Judson Reid, Extension Vegetable Specialist
Cornell Vegetable Program

October 16, 2013
Grafting Tomatoes Video: The Motivation and Benefits of Grafting

As soil based production of tomatoes continues in tunnels and greenhouses, risk of root-zone diseases, insects and nutrient imbalances increase. Grafting, the combination of two separate cultivars into one plant, is one management approach to these challenges. 

Learn more about the motivations and benefits of grafting tomatoes in this video of Judson Reid, Extension Vegetable Specialist for the Cornell Vegetable Program.



The Cornell Vegetable Program has developed additional resources on How to Graft Tomatoes for Soil-Based Production in Greenhouses and High Tunnels.


Asparagus

Beets

Beets

Broccoli

Broccoli

Brussels Sprouts

Brussels Sprouts

Cabbage

Cabbage

Carrots

Carrots

Cauliflower

Cauliflower

Cucumbers

Cucumbers

Dry Beans

Dry Beans

Eggplant

Eggplant

Ethnic Vegetables

Ethnic Vegetables

Garlic

Garlic

Horseradish

Horseradish

Kohlrabi

Kohlrabi

Leeks

Leeks

Lettuce / Leafy Greens

Lettuce / Leafy Greens

Melons

Melons

Onions

Onions

Parsnips

Parsnips

Peas

Peas

Peppers

Peppers

Potatoes

Potatoes

Pumpkins / Gourds

Pumpkins / Gourds

Radishes

Radishes

Rhubarb

Rhubarb

Rutabaga

Rutabaga

Snap Beans

Snap Beans

Squash - Summer

Squash - Summer

Squash- Winter

Squash- Winter

Sweet Corn

Sweet Corn

Sweet Potatoes

Sweet Potatoes

Tomatoes

Tomatoes

Turnips

Turnips


Muck Donut Hour Every Tuesday

August 4, 2015
8:30 - 9:30 AM
Elba, NY

Meet with Cornell Vegetable Program Specialist Christy Hoepting every Tuesday morning to ask questions and share your observations.

August 11, 2015
8:30 - 9:30 AM
Elba, NY

Meet with Cornell Vegetable Program Specialist Christy Hoepting every Tuesday morning to ask questions and share your observations.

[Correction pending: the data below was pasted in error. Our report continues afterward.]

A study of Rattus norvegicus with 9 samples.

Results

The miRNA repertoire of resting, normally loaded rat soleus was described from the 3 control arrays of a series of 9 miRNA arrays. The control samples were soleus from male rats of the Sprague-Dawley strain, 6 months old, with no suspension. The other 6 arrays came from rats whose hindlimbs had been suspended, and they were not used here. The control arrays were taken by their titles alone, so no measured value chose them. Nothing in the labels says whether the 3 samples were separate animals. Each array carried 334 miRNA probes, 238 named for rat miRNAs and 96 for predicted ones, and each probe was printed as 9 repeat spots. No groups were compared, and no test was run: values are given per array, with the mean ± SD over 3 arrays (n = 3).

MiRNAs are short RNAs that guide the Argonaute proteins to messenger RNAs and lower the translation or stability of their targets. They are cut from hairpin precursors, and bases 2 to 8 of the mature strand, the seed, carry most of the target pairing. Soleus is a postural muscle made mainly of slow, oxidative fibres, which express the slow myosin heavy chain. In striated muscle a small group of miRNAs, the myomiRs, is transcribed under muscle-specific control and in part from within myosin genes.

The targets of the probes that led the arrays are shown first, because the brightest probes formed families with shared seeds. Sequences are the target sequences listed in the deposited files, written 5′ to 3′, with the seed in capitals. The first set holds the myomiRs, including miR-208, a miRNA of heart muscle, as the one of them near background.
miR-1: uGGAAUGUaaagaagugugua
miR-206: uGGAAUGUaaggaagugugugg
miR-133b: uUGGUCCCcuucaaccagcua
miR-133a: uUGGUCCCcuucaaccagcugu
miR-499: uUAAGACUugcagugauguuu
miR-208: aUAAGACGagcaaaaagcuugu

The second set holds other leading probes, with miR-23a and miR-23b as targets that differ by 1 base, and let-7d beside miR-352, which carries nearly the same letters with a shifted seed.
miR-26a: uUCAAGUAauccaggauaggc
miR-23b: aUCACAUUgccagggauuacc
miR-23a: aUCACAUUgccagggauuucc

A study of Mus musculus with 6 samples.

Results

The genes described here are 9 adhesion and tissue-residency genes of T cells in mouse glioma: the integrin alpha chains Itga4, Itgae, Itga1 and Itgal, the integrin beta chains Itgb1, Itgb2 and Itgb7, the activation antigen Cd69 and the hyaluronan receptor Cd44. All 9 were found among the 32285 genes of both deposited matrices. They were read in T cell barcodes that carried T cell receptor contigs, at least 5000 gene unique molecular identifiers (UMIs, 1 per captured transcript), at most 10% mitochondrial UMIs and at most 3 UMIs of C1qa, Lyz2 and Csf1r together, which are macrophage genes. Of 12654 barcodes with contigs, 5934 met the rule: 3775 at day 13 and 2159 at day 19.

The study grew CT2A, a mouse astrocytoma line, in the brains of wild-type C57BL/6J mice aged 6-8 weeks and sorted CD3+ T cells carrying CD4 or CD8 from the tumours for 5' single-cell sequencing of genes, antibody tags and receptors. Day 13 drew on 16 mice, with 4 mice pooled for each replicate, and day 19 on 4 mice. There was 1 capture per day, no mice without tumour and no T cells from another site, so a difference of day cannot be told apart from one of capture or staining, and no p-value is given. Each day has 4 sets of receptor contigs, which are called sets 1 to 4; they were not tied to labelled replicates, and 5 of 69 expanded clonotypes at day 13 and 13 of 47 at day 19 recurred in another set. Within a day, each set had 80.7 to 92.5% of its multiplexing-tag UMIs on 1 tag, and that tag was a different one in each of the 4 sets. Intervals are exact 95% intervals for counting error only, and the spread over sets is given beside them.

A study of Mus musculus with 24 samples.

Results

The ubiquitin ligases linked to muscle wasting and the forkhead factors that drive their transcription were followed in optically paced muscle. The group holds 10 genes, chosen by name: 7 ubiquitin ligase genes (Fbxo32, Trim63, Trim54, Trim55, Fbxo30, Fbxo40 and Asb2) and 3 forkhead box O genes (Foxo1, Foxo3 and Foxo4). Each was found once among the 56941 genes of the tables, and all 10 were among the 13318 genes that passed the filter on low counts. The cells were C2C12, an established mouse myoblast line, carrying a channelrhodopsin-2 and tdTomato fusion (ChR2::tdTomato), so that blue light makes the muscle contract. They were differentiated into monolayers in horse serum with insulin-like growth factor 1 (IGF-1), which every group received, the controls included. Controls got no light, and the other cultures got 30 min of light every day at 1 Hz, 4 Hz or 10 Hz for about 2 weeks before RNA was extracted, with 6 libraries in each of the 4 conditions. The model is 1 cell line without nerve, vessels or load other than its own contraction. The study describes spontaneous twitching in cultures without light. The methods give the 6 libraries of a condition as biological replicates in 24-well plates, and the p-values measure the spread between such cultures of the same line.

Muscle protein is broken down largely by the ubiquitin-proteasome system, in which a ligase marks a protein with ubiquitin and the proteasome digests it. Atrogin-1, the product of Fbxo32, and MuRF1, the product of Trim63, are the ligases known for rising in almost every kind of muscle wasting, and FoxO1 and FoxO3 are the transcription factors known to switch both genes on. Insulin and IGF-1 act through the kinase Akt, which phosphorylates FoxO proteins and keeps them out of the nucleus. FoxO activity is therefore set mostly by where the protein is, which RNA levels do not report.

August 11 - August 13, 2015
9:30 AM each day
Seneca Falls, NY

Join us at the new Soil Health Seminar Center to hear and meet nationally renowned soil health researchers, industry speakers, and experienced growers. Cover crop demos, and inter-seeded soybean plots and equipment, will be nearby. Presentations will occur mornings beginning at 9:30 AM. 

Announcements

Cucurbit Downy Mildew Confirmed in WNY

Characteristic disease symptoms are angular, pale green areas bounded by the leaf veins. They will turn yellow and later necrotic. Under high humidity conditions sporulation will occur on the lower leaf surface. Apply targeted fungicides tank-mixed with protectant fungicides weekly and alternated among available modes of action (FRAC code), starting when there is risk for a specific crop based on forecasting program. Refer to the Cornell Vegetable Guidelines for a complete list of products available. For more information, contact Robert Hadad or Darcy Telenko.

Late Blight Confirmed in WNY Counties

Late blight has now been confirmed in commercial potato and/or tomato fields in the following counties: Genesee, Livingston, Monroe, Steuben, Wayne, Wyoming, Yates, Tioga, Oneida, and Ulster. The LB strain was determined to be US-23 in these counties, sensitive to Ridomil (mefenoxam fungicides). All tomatoes and potatoes in Western NY and the Finger Lakes Region are at high risk of infection!

Continuing frequent rainfall has been extremely favorable for the development of late blight (LB). LB forecast programs have been indicating extremely high risk of disease development week after week. Scout fields, especially low spots, protected areas, etc. twice a week. Growers and gardeners should destroy all potato culls and volunteers now. All tomato and potato growers should be applying fungicides on a regular basis, at no longer than 7 day intervals. At some locations less than a 5 day spray interval may be needed to protect potatoes and tomatoes (Alternate fungicides; follow label directions!) according to the LB Decision Support System (DSS) forecast. Organic growers should also be applying a fungicide regularly. There are copper formulations approved for organic production. Fungicides differ in how long they will provide protection from infection.

Herbicide Charts for Vegetable Crops Available

The Cornell Vegetable Program has compiled herbicide charts for control of weeds in the following crops in New York in 2015: beans (snap & dry beans), beans (lima), beets, cabbage, carrots, cucurbitspeas, peppers, and sweet corn. While these reference charts are handy, it is critical to read the labels thoroughly.